Welcome to The Quick Brown Dog, the new online journal of the Hagley Writers’ Institute featuring work from our students, graduates and tutors. We, Morrin Rout, Victoria Broome and Frankie McMillan thought it was high time we established our own literary journal following the models of Turbine, (Victoria University) and 4th Floor, (Whitereia Polytechnic). Along the way, Bernadette Hall was asked to be guest editor and under her experienced hand we made the final selection from the submissions.
It might be of interest to some that the editorial process typically involves some good-natured wrangling and a little trading back and forth as each editor puts forward their favourites. Those that made the ‘cut’ should know their work has been well scrutinized and chosen from a considerable pile. We are pleased with the variety of voices and form, ranging from novel excerpts throughout to short stories and poetry.
Reading through them again, it was interesting to note the recurring preoccupations in the submissions, often heralded in the first line: ‘He would not tell his son where they were going’ (Moriah by Nathan Bennett) and ‘ It was the year of the drought. It was the summer that my dad left home, It was the summer I had to say goodbye to my best friend. None of these things were connected’ (The Summer of 76 by Celia Coyne). The often puzzling nature of our family relationships are put under scrutiny here.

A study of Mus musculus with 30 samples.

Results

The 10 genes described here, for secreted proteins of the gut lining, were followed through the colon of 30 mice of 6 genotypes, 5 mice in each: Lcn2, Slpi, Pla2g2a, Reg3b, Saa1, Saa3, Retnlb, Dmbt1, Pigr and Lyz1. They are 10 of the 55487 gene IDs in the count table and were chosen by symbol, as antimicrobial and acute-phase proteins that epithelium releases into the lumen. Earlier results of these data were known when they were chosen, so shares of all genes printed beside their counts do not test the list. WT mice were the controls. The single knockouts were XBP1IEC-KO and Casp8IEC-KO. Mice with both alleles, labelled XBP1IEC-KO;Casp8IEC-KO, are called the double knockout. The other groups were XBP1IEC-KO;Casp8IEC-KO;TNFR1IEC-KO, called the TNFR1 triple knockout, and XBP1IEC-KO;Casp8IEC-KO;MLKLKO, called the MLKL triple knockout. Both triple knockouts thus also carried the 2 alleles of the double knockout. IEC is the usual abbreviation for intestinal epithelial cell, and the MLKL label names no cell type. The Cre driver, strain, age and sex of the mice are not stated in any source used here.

Several poems echo and complement each other as in Dog ran off Smiling (Gail Ingram) and Kerrin P. Sharpe’s wonderfully titled, though his ship leaves the space between windows. A reader encountering this journal for the first time might well wonder about the prevalence of dogs.
Thomas Mann famously said, ‘A writer is someone for whom writing is more difficult than it is for other people.’ I know this is true of myself – it has taken me several days to work up to this editorial – and for many of our students. As an antidote to this, one can take courage from Anais Nin’s words.
‘You must not fear, hold back, count or be a miser with your thoughts and feelings….Permit yourself to flow and overflow, allow for the rise in temperature, all the expansions and intensifications. Something is always born of excess: great art was born of great terrors, great loneliness, great inhibitions, instabilities and it always balances them.’
On that wild note, I’ll conclude by thanking our contributors for their work (clearly not ‘misers’ with their thoughts) and wish them further success with their writing. Thanks also to Simon Gurnsey who created the online page, and to Hagley Community College without whose support the Hagley Writers’ Institute would not be possible.